Large scale industrial farming has had wide-ranging, world-wide effects on our planet. It has contaminated our environment by the use of vast amounts of toxic pesticides and fertilizers. Land is managed without regard for maintaining the soil's fertility or the health of the surrounding eco-system and wild-life. This has had a significant impact on biodiversity, with many species being in decline. Water- pollution is on the rise, and the food we consume is becoming increasingly loaded with toxic substances. Because so much farming is exported overseas, where land is used on a vast scale to produce crops and meat for export, local populations are being deprived of the resources they depend on and deforestation is progressing on an alarming scale, with 80% of the world's forests having been destroyed already.
The principles of organic farming are aimed at ensuring a respectful and economic treatment of the land and its resources, as well as the ethical treatment of life-stock. In practice, this means that organically produced food is grown without the use of pesticides, chemical fertilizers, or genetically manipulated crops, that the land it is grown on is managed in such a way as to preserve it as a habitat for wildlife, as well as to preserve its fertility for future generations.
Farm animals must be allowed to live in a way that is suited to the physical, mental and emotional needs of their species, e.g. by providing them plenty of outdoor access and space to move on natural ground, and feeding them a natural, species-appropriate diet. They must have ample outdoor access and space.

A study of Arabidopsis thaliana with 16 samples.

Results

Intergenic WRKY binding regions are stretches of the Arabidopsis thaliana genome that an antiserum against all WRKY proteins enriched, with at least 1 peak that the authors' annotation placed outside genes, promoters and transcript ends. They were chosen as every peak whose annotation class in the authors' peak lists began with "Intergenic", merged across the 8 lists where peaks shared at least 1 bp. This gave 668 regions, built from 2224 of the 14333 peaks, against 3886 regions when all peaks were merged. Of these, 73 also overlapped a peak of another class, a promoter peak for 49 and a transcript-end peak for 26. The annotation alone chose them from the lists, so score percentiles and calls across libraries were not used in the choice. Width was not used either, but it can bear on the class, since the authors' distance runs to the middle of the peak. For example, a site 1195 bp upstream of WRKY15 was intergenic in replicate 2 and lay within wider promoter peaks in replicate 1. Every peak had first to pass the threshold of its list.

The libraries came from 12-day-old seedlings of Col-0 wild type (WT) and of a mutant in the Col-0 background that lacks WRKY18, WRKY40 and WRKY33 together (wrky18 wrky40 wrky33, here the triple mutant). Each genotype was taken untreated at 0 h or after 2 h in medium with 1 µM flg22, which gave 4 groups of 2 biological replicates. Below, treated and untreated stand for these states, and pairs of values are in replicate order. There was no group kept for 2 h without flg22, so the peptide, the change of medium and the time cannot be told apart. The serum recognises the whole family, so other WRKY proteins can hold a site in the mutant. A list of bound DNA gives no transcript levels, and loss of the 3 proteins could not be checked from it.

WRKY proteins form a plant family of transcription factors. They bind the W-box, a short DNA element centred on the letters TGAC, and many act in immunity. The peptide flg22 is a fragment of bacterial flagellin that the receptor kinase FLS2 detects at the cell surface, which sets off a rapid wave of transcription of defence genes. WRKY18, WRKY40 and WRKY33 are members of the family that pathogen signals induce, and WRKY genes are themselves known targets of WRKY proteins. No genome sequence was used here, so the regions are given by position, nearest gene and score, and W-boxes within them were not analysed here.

The benefits of organic farming are clear. If we are to preserve the fertility of our land, its vital biodiversity and the beauty of our natural environment, a more ethical, ecological way to produce food must replace conventional, industrial farming.
But not everything that says "organic" on the label is genuinely organic. Without credible certification, anyone can label their product "organic" or "natural". To ensure that a product is genuinely organic, look for these certifications:
Soil Association (to view their logo see sacert.org)
European Organic Certification (to view EU-organic logo see here)
Unfortunately, anything that can be used to make money is subject to exploitation by those looking to make a profit. Not all organic food is produced to the same, strict standards, and there are cases of unethical practices even in certified businesses. EU-label certified food can be particularly affected by this, because the controlling body is not entirely independent of governments and on the whole, less transparent. Non-profit organisations such as the Soil Association are more trustworthy and apply higher standards.
So it is important to remain alert and to continue demanding high standards and boycotting any brands/businesses with a negative track-record. Your choices as a consumer can make a political statement. Where you put your money sends a message and makes a difference. Don't waste that power.